Remember that episode of The Brady Bunch where the boys were held captive by a crazy doctor (Vincent Price) in an ancient Hawaiian burial cave? Well, this isn’t that exactly, but there is a doctor in a historic Hawaiian cave.
Maha’ulepu Heritage Trail Interactive Hiking Map
You can use this interactive map at the trail! Here’s how
Hiking Maha’ulepu Heritage Trail
Sure, there’s the famous Kalalau Trail on Kauai’s northern shore, but if you’re looking for an equally awe-inspiring but less challenging hike that is suitable for everyone, the Maha’ulepu Heritage Trail near Poipu will not disappoint.
We shortened the trail a little by parking closer to Shipwreck’s Beach because parking was tight mid-day. From the beach, multiple trail routes fan out through the sand and trees of Makawehi Bluff, but they all eventually converge into one trail that follows the coast.
The views are stunning at every step with water so blue, you might ask yourself if you’ve ever really seen blue before.
Many trail maps do not show the Maha’ulepu Heritage Trail connecting to Makauwahi Cave, and we wouldn’t have been aware of the cave’s existence if we hadn’t bumped into a group of friendly German hikers heading in the opposite direction.
“Zer eez a cave, und vee saw a turtle at zee beach,” one of them said. We shared trail information before departing with smiles — they were headed to Shipwreck’s Beach, and we were off to find the mysterious cave.
Following along the Poipu Bay Golf Course to a gorgeous red bluff known as Punahoa Point, we kept our pace slow and relaxing to really absorb the beauty before us.
Roughly a half mile from Punahoa Point is Makauwahi Cave Reserve, Hawaii’s largest limestone cave. The historic site, which is open every day from 10am to 4pm, requires visitors to crawl through a hole to gain entry.
Although the cave offered a unique experience and respite from the sun, an obnoxious visitor was testing the patience of the good Dr. David Burney, the resident paleoecologist who has led excavation and preservation efforts of the cave for two decades.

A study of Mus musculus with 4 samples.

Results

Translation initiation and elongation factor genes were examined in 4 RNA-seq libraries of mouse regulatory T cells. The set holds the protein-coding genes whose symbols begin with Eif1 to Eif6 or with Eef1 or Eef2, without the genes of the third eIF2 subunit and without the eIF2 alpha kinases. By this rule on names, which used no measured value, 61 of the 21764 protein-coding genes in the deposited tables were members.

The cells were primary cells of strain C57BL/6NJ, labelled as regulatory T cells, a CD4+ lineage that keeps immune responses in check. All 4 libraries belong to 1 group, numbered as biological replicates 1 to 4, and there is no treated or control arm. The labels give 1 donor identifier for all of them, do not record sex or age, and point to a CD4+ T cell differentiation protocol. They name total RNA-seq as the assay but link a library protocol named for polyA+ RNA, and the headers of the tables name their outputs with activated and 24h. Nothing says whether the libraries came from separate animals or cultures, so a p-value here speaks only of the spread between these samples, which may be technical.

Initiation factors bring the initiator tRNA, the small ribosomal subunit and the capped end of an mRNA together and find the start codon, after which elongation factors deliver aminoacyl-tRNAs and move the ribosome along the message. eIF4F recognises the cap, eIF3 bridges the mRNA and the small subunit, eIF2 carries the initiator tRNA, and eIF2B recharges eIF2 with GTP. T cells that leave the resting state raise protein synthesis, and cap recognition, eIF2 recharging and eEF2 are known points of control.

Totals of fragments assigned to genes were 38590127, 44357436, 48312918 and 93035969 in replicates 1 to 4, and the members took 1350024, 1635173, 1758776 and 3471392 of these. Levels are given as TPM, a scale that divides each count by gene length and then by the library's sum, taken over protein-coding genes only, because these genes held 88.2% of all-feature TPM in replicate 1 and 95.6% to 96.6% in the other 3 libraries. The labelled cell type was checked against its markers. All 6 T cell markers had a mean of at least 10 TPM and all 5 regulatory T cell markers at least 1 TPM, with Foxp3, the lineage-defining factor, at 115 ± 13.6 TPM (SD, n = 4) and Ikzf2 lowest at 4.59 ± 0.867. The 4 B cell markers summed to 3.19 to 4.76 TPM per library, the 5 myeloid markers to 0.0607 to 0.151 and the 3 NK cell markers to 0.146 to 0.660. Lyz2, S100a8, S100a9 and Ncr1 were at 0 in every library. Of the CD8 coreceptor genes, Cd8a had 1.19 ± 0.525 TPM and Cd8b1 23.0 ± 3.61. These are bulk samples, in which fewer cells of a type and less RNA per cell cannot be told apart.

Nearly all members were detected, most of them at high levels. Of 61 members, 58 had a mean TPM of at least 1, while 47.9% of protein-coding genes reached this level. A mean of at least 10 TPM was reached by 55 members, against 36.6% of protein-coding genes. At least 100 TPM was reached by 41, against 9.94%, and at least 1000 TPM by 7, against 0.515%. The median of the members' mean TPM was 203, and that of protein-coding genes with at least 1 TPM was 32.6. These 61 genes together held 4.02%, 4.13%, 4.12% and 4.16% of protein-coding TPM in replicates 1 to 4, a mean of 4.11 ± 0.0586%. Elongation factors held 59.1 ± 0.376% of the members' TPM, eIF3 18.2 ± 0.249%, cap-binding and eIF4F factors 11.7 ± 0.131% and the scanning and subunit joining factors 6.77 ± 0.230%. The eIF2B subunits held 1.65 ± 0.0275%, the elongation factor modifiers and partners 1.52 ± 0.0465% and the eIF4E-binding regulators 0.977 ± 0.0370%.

He did resemble Vincent Price a little.
No he didn’t!
We felt a little uncomfortable, so we dropped a five-spot in the donation box and ended our visit early.
More to see
We didn’t learn until months later that there was more to the trail beyond the cave. According to our Open Street Map (see above), the trail actually extends another mile and a half across Gillin’s Beach, around Pao’o Point and up to Ha’ula Beach and beyond.
Although we didn’t make that trek ourselves, other sites on the web seem to suggest the trail is open to the public. We’d gotten a late start to the day, so we may not have ventured beyond the cave anyway.
Hiking on vacation is supposed to be fun, after all.
Und vee saw a turtle!
Yah, vee did see a turtle!
Use this map on your hike!
Load this web page on your phone while you still have service.
Then, tap the arrow icon on the map to show your current location and follow along.
Tap the layers icon to switch between topo, satellite and other helpful map layers.
To save battery life, put your device in airplane mode. GPS still works even without service!